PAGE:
Today’s word of the day, thanks to the website www.dictionary.com, is philippic, a noun or adjective meaning “any speech or discourse of bitter denunciation.” The website goes on the explain,
The adjective and noun philippic come from Latin Philippicus “of or pertaining to King Philip II of Macedon” (the father of Alexander the Great), from Greek Philippikós with the same meaning. Philippikós is usually used in the plural, Philippikói, with the plural noun lógoi “speeches” understood. The original Philippikói lógoi were three speeches delivered by the Athenian statesman Demosthenes against King Philip of Macedon between 351 and 341 b.c. The second set of philippics were the 14 orations that the Roman statesman and man of letters Marcus Tullius Cicero delivered against Mark Antony between 44 and 43 b.c. Cicero himself called these speeches (ōrātiōnēs) Philippicae “Philippic (orations).” The speeches not unnaturally enraged Mark Antony, who ensured that Cicero’s name stood at the head of the list of proscriptions. The adjective sense of philippic entered English in the mid-16th century.
The website www.etymonline.com says that the word entered English in the “1590s, ‘bitter invective discourse,’ from Middle French philippique, from Latin (orationes) Philippicæ, translation of Greek Philippikoi (logoi), the speeches made in Athens by Demosthenes in 351-341 B.C.E. urging Greeks to unite and fight the rising power of Philip II of Macedon. The Latin phrase was used of the speeches made by Cicero against Marc Antony in 44 and 43 B.C.E.”
So who was this Demosthenes? Born in 384 B.C.E. in Athens, Demosthenes became an orphan at age 7. But his father, who was a maker of swords, let him quite an estate. However, he also left him three guardians who did not do a very good job of maintaining Demosthenes’s estate. So even before he came of age, Demosthenes began to prepare himself to fight his guardians for the remainder of his father’s estate. We learn about Demosthenes in part from Parallel Lives by Plutarch. Plutarch tells us that Demosthenes had a speech impediment, a stammering, so he practiced speaking with pebbles in his mouth to improve his articulation and by speaking while running. He practiced in front of a mirror. Perhaps most famously, he went down to the beach to practice speaking against the sound of the ocean.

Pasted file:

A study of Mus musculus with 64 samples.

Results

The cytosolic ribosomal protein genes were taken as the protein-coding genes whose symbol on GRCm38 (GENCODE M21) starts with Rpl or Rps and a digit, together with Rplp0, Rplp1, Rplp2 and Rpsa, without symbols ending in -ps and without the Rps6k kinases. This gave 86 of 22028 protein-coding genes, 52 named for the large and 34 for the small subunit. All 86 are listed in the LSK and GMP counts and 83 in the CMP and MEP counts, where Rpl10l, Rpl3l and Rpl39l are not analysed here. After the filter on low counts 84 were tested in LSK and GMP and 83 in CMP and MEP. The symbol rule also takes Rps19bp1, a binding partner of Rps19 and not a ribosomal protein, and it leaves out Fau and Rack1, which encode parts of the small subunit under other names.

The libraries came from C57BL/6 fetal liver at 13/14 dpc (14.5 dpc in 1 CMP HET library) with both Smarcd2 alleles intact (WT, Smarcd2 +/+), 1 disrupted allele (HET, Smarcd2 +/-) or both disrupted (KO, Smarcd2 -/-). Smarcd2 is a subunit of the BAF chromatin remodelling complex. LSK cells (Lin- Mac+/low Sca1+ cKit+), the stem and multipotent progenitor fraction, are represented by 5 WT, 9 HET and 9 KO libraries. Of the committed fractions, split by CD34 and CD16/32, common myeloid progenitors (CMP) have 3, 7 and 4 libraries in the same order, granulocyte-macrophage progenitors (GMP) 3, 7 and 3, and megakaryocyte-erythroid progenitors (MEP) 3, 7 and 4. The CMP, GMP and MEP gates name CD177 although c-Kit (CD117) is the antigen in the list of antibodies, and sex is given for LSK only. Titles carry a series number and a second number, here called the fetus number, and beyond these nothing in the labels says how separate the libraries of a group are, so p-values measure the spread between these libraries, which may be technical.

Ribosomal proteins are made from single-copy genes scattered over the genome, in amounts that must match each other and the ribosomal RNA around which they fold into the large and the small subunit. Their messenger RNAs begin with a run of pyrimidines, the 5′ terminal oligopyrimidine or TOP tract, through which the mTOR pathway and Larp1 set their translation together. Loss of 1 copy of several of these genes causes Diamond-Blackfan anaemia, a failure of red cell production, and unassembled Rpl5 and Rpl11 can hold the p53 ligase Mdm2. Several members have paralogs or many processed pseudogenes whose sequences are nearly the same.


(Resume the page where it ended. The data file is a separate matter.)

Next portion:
At 20, he sued his guardians and won the remainder of his father’s estate, though it was a mere fraction of what his father had originally left him.
He then began a legal career, writing speeches for use by others in legal cases (logographer) and as an advocate for others. Although logographers often remained anonymous, Demosthenes became interested in politics and began making speeches against individuals who opposed his ideas on foreign policy in particular. That sounds bad to us, but politics in ancient Athens was a contact sport.
Philip of Macedon, the father of Alexander the Great, wanted to conquer as much of Greece as he could. Starting in 357, Macedon and Athens were at war. The Athenians actually defeated Philip at the Battle of Thermopylae in 352, but Philip kept putting pressure on Athens by defeating other Greek city states. Demosthenes took on Philip, verbally, as a special project. In 351, he delivered the first of his Philippics, a speech against Philip of Macedon. Over the next decade, opposition to Philip became the theme of virtually all of his speeches. Philip was assassinated in 336, at the wedding of his daughter. Alexander took over (Demosthenes called him a useless boy), and Demosthenes continued his opposition to Macedonian rule. When Alexander died, Demosthenes led the movement to achieving independence from Antipater, the new Macedonian ruler, but that didn’t work out.
Antipater demanded that the Athenians hand Demosthenes over to him, but Demosthenes escaped to the island of Kalaureia. When he was found by an agent of Antipater, he committed suicide rather than be taken prisoner.
According to the Wiki, “The Alexandrian Canon compiled by Aristophanes of Byzantium and Aristarchus of Samothrace recognised Demosthenes as one of the ten greatest Attic orators and logographers. Longinus likened Demosthenes to a blazing thunderbolt and argued that he ‘perfected to the utmost the tone of lofty speech, living passions, copiousness, readiness, speed.’ Quintilian extolled him as lex orandi (‘the standard of oratory’). And Cicero said about him that inter omnis unus excellat (‘he stands alone among all the orators’) and also acclaimed him as ‘the perfect orator’ who lacked nothing.”
I should point out that when I was getting my M.A. in Old and Middle English literature at the University of Georgia, I was a member of a literary/debating society called the Demosthenian Society, an organization that began at U.Ga. in 1803, making it one of the oldest such societies in the English-speaking world. It served as a training ground for extemporaneous and impromptu speaking, and I really enjoyed my time there.
The photo is of the painting “Demosthenes Practising Oratory by Jean-Jules-Antoine Lecomte du Nouy (1842–1923),” depicting Demosthenes speaking over the sound of the waves in order to strengthen the power of his voice.